The USC Game Expo 2020 was held through the magic of Zoom and Twitch recently, and we here at TechRaptor were enthusiastically in attendance. Seeing various student projects that range from the creatively ambitious to the deeply personal is always a great sign as to how much the gaming medium continues to evolve, expand, and mature. Furthermore, it is always a delight to see those very projects bring students and lovers of the medium together and just talk about the process.
Within a matter of minutes, I found an intriguing project called Leechbug: an underwater action-shooter that aims for a more strategic bent. You control a small robot as it explores an alien ocean, slowly working its way into larger alien organisms, controlling them, and moving up to more hostile waters to take over larger, more exotic hosts. It was such an enticing idea that I downloaded and played the demo completely blind... and then got kind of lost in it.
That was what kicked off my conversation with the head of Leechbug, Stephanie Ng. The big idea behind Leechbug isn't to just mindlessly shoot at your target until its health ticks down but to wrangle together a bunch of aquatic worms scattered throughout the level, then navigate them through the terrain and have them assist in wearing down your target. Go too fast and the worms will stop following you. Go too slow and the worms will eat you instead. Move too carelessly through environmental hazards—like underwater heat jets—and you'll lose some of your swarm in the process. It made the demo feel more like a puzzle game than a traditional action experience, and it lead to a lot of my preconceptions about the project being challenged.
The idea came while Ng's team were brainstorming on a completely different project. It was an action-shooter, but it was more sci-fi in scope with multiple levels set in multiple locations. But during the development process on what would be the underwater level, Ng and her team noticed something click when it came to navigating past the sea worms they had peppered throughout the level, and after some careful exploration of the concept, the sci-fi game was dropped and they focused on refining this central idea of resource manipulation and spatial reasoning.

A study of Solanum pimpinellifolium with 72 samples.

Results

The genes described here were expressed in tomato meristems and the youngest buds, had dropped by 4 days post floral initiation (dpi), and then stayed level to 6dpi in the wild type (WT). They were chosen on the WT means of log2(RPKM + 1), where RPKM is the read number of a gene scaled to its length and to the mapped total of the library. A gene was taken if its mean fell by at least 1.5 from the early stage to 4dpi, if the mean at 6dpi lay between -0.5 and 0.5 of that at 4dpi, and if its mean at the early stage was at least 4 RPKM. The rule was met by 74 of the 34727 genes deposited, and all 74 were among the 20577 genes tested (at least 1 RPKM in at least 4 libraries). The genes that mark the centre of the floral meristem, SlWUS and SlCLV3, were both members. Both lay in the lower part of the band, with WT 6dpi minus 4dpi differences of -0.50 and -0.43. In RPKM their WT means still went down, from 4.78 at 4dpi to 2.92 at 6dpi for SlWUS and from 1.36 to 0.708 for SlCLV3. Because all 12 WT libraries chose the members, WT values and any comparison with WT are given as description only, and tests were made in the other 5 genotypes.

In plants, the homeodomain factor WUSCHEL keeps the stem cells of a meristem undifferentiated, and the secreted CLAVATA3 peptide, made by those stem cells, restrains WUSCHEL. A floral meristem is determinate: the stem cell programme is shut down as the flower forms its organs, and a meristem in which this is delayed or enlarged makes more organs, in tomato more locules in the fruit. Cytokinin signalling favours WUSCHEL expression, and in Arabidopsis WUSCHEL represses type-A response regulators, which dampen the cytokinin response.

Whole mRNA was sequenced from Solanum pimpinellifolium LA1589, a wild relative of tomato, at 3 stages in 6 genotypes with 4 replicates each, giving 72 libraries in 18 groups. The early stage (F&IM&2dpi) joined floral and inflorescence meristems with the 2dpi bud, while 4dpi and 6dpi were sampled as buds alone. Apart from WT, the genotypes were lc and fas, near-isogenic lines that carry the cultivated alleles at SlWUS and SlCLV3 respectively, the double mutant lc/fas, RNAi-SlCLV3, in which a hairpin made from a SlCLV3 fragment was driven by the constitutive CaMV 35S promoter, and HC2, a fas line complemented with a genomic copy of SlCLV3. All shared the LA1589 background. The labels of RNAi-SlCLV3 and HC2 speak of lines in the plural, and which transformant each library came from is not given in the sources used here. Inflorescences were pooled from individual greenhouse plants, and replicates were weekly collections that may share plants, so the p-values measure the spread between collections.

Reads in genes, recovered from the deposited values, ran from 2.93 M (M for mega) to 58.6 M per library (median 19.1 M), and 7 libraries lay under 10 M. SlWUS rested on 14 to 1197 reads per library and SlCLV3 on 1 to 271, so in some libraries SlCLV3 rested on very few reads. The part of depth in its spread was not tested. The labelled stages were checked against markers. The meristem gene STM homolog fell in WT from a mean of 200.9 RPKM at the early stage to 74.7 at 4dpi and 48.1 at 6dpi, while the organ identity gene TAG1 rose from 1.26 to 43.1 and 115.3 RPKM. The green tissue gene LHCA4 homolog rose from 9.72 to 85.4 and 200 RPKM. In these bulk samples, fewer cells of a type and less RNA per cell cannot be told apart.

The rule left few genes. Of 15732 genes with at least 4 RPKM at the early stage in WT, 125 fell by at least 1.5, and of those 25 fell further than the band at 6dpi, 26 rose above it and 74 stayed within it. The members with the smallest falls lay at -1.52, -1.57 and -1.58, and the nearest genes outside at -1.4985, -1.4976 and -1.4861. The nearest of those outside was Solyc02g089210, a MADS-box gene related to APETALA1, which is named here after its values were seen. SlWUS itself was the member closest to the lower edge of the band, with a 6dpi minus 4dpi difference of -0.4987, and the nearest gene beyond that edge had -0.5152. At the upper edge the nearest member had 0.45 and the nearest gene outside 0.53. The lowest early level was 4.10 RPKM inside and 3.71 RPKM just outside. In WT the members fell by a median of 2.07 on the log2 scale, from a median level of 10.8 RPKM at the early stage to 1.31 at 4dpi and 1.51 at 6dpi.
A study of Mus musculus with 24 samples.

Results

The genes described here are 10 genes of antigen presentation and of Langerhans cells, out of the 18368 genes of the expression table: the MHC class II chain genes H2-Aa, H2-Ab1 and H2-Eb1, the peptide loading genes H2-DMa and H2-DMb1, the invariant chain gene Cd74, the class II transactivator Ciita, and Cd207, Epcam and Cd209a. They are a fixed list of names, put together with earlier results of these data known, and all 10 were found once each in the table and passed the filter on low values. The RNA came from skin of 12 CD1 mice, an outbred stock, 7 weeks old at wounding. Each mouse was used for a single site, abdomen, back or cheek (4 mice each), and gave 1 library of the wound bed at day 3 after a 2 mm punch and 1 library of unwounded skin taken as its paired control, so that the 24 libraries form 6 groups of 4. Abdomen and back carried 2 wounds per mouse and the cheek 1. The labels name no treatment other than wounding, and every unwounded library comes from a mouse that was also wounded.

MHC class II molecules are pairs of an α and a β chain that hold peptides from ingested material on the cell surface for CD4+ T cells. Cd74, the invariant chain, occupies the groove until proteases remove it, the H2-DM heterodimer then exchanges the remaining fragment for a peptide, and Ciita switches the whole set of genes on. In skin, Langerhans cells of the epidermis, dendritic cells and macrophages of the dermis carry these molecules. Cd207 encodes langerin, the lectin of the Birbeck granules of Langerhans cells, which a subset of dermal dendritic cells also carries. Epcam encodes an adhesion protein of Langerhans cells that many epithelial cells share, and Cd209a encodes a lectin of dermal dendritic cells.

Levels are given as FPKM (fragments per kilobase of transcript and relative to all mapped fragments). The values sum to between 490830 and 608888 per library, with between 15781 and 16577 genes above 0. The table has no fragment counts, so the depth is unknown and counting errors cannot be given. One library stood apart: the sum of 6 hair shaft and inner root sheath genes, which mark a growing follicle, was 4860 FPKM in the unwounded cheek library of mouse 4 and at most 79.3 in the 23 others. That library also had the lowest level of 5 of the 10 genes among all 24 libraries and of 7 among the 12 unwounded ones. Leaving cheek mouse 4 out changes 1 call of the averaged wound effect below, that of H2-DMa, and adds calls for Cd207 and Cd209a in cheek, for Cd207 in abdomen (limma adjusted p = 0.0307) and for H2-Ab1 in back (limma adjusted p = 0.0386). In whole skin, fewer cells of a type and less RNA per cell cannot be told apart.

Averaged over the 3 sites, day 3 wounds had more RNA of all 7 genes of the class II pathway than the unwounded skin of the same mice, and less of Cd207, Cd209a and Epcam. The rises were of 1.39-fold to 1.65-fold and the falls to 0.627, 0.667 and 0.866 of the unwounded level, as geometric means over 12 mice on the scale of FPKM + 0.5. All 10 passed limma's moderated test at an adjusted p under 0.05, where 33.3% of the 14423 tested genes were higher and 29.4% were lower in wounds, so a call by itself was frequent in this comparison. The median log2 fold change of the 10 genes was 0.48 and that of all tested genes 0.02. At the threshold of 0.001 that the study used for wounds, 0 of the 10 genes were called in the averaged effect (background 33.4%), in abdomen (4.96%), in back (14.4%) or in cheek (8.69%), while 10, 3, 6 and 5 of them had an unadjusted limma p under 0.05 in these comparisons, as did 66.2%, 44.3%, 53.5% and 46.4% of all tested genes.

As a project in its early stages, Leechbug is rough—it took me a lot longer than I care to admit to figure out how to guide worms to my target—but it's big hook has some solid potential. It speaks to the boldness and ingenuity of Ng's team that they found a potentially intriguing gameplay feature and honed in on it rather than sticking to convention. When I asked about this focus on freedom of movement and exploration, Ng cited her inspiration came from the open-ended freedom of The Legend of Zelda: Breath of the Wild
I left my time with Stephanie genuinely curious as to how Leechbug would continue to be refined and improved; how it would continue to push this more meticulous approach to an action experience and how future levels would continue to add new obstacles to overcome. Even at such an early state with only a single-level demo available, it speaks to its utter novelty that it managed to worm its way into my imagination.